The role of large-scale atmospheric flow and Rossby wave breaking in the evolution of extreme windstorms over Europe
Article first published online: 8 NOV 2012
©2012. American Geophysical Union. All Rights Reserved.
Geophysical Research Letters
Volume 39, Issue 21, November 2012
How to Cite
2012), The role of large-scale atmospheric flow and Rossby wave breaking in the evolution of extreme windstorms over Europe, Geophys. Res. Lett., 39, L21708, doi:10.1029/2012GL053408., and (
- Issue published online: 8 NOV 2012
- Article first published online: 8 NOV 2012
- Manuscript Revised: 5 OCT 2012
- Manuscript Accepted: 5 OCT 2012
- Manuscript Received: 7 AUG 2012
- North Atlantic Oscillation;
- extreme European windstorms;
- large-scale dynamics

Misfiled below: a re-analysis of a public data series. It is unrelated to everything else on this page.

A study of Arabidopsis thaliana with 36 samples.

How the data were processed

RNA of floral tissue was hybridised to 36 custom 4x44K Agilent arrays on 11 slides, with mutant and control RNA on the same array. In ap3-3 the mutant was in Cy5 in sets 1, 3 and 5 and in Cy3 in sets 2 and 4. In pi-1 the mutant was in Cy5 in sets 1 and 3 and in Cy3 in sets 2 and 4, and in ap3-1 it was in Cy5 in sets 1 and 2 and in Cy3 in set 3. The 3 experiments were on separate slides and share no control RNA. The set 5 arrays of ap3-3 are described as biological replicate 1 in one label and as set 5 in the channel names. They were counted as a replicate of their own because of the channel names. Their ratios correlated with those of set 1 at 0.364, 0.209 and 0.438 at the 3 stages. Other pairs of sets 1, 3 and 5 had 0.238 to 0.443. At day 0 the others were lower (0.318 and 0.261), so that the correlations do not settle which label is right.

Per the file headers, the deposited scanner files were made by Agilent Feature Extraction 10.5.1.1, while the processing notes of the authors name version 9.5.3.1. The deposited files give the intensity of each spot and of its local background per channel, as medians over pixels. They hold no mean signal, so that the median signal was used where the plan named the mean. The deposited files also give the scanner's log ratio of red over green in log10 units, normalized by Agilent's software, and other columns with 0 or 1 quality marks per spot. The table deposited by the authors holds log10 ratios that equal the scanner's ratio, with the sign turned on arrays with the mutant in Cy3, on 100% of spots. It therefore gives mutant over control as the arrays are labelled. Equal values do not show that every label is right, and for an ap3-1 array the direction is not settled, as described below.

We investigate the relationship between large-scale atmospheric flow and the evolution of the most extreme windstorms affecting Western Continental Europe. The 25 most destructive Western Continental European wind storms are selected from a 43-year climatology. 22 of these storms are grouped as having a similar trajectory and evolution. We show that these storms typically occur during particularly strong and persistent positive NAO anomalies which peak approximately 2 days before the storms' peak intensity; the NAO pattern then shifts eastward to a position over the European continent when the storms strike Europe. A temporal composite of potential temperature on the 2-PVU surface suggests that this NAO shift is the result of simultaneous cyclonic and anticyclonic wave breaking penetrating further to the east than during a typical high-NAO event. This creates an extremely intense, zonally-orientated jet over the North Atlantic whose baroclinicity favours explosive intensification of storms while steering them into Western Continental Europe.